Babies who are breastfed (search) early in life may avoid weight problems when they grow up, a new study suggests.

Breastfeeding has many benefits for mothers and babies alike, but it’s not always comfortable or possible. Some women breastfeed exclusively, some use formula, and others use each at different times. Ultimately, it’s up to each family to weigh the options and come up with their best solution.

The new study, published in the Nov. 5 edition of the journal Pediatrics, shows that mothers who breastfeed their babies early on are less likely to report restricting food intake in them at age 1. The researchers included Matthew Gillman, MD, SM, of Harvard Pilgrim Health Care, Harvard Medical School, and Harvard School of Public Health.

Gillman and colleagues studied more than 1,100 pairs of mothers and infants. The women were asked how they fed their babies during the first six months of life and how long they breastfed.

Six months after giving birth, 24 percent of the participants were exclusively breastfeeding and 25 percent breastfed part of the time. Forty-one percent had weaned their babies and 10 percent said they had only fed formula to their infants. The average duration of breastfeeding was six months.

When the babies were 1 year old, the mothers were asked if they strongly agreed or disagreed with the statement, “I have to be careful not to feed my child too much.”

That statement was vital to the study’s findings. The researchers used it to identify women who restricted their babies’ food intake at age 1.

“Mothers who fed their infants breast milk in early infancy and who breastfed for longer periods reported less restrictive behavior regarding child feedings at 1 year,” write Gillman and colleagues.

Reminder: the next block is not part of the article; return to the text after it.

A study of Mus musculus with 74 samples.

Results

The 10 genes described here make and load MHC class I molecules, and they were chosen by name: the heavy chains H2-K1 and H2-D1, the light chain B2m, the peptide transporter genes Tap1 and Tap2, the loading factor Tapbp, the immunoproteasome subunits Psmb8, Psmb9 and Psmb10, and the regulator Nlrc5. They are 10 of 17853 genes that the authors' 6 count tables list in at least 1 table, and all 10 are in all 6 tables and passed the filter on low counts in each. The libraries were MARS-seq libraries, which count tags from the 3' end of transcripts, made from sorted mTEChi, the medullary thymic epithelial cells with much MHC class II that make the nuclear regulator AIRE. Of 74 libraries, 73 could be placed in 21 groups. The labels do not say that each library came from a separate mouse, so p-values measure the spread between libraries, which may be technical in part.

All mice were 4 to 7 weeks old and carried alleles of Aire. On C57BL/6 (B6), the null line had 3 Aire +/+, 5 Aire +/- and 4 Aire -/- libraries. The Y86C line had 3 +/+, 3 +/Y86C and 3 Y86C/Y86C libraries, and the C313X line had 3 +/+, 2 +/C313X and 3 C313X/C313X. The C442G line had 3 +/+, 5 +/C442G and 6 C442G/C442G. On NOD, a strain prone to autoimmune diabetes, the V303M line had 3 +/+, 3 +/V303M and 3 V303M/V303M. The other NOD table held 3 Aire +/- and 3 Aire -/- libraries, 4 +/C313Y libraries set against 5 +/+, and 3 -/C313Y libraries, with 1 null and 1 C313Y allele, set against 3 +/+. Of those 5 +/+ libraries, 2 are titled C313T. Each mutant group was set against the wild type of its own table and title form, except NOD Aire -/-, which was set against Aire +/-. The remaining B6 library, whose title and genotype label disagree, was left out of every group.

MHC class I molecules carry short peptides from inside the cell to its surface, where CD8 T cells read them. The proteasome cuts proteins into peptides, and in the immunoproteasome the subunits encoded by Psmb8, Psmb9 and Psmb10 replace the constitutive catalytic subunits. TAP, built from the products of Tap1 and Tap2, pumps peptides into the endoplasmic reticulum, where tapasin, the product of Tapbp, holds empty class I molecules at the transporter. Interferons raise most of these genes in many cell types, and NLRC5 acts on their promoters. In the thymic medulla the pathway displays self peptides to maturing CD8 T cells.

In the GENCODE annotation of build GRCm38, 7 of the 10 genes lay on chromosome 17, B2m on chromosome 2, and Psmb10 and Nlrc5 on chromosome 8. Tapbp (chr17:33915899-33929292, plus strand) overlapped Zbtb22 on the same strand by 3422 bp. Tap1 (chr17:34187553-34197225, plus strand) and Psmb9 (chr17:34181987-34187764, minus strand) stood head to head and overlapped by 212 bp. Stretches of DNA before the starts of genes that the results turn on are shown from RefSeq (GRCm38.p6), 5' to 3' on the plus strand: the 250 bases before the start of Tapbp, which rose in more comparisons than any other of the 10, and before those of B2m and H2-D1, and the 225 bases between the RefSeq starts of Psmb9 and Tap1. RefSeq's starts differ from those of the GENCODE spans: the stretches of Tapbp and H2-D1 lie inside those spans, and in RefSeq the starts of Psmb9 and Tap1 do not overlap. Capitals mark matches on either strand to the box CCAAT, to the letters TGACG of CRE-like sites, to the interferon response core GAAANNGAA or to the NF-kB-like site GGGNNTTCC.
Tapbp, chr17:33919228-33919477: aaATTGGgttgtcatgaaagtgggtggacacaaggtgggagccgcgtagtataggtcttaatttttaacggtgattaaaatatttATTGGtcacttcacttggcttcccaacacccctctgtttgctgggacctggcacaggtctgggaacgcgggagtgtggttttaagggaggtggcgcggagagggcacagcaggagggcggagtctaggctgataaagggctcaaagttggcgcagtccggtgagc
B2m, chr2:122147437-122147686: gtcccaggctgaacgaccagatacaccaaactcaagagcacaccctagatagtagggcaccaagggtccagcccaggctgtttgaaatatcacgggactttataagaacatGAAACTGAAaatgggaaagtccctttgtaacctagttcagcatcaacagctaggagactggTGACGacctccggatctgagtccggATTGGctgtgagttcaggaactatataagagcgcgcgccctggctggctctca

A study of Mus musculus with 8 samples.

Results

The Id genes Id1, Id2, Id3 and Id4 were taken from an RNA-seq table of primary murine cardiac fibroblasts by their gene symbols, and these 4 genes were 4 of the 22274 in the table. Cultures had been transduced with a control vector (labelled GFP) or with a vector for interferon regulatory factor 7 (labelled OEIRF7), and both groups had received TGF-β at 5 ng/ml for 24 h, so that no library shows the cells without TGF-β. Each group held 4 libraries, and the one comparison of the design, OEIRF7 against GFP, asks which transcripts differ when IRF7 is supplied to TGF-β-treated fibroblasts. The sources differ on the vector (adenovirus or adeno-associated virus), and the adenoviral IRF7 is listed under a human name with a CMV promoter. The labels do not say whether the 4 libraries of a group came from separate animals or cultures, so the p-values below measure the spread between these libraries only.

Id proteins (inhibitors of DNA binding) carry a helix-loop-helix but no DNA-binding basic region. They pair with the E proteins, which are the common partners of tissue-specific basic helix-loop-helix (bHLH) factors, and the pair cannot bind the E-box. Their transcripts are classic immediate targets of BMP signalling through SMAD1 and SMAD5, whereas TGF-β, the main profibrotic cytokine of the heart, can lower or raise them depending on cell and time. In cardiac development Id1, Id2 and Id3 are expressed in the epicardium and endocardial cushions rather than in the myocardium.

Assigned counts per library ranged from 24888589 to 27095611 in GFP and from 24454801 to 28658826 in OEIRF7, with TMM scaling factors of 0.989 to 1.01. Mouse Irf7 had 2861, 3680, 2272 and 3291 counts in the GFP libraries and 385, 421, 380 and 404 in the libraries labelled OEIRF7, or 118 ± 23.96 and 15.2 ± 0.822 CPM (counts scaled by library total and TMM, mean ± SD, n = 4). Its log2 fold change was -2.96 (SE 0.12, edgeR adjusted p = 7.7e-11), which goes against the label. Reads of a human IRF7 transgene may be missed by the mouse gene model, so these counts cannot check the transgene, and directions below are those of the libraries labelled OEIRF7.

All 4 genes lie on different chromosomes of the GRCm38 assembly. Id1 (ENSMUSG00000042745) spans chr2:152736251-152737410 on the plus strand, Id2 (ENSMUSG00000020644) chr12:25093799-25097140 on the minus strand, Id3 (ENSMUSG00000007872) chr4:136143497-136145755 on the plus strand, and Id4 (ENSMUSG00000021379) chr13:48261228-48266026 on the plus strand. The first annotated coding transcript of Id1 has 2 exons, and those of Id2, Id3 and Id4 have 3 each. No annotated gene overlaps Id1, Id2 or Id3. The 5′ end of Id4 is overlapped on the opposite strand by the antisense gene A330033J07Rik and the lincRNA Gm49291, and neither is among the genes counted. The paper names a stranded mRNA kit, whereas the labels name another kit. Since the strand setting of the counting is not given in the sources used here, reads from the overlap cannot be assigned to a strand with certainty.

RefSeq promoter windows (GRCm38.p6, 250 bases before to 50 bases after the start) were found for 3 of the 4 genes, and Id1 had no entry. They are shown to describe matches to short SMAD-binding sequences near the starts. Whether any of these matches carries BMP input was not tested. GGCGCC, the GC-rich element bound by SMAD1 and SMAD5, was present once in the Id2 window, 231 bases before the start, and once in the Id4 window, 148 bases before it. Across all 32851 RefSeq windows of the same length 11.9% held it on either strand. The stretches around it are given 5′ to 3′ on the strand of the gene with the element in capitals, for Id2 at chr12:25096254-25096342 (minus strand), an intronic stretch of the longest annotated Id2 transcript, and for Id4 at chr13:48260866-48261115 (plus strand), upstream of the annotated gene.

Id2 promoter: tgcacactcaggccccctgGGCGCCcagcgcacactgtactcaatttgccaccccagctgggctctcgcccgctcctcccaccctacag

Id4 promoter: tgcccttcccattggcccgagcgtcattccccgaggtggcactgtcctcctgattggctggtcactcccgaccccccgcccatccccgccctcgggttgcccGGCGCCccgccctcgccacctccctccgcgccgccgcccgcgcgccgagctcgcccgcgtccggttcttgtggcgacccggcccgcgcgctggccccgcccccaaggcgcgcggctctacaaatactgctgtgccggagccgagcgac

They had predicted that outcome. However, breastfeeding mothers were not more likely to pressure their babies to eat. “We found no association between breastfeeding and maternal pressure on a child’s food intake,” write the researchers.

In theory, breastfeeding may help babies follow their natural hunger cues, which could give the infants more control over their feeding schedule.

“During infancy, it is possible that mothers who breastfeed, compared with parents who bottle-feed, may be more responsive to their infants’ signal in terms of frequency and volume of feedings,” write the researchers.

“In this way, the mothers of breastfeeding infants may develop feeding styles that are less controlling, thereby allowing their infants to learn to self-regulate their energy intake and respond to internal appetite cues.”

It’s too early to know if breastfed babies grow up with appetite control that helps them avoid obesity. Long-term studies are needed for that, say the researchers.

By  Miranda Hitti, reviewed by  Brunilda Nazario, MD

SOURCES: Taveras, E. Pediatrics, November 2004; vol 114: pp e577-e583. News release, American Academy of Pediatrics.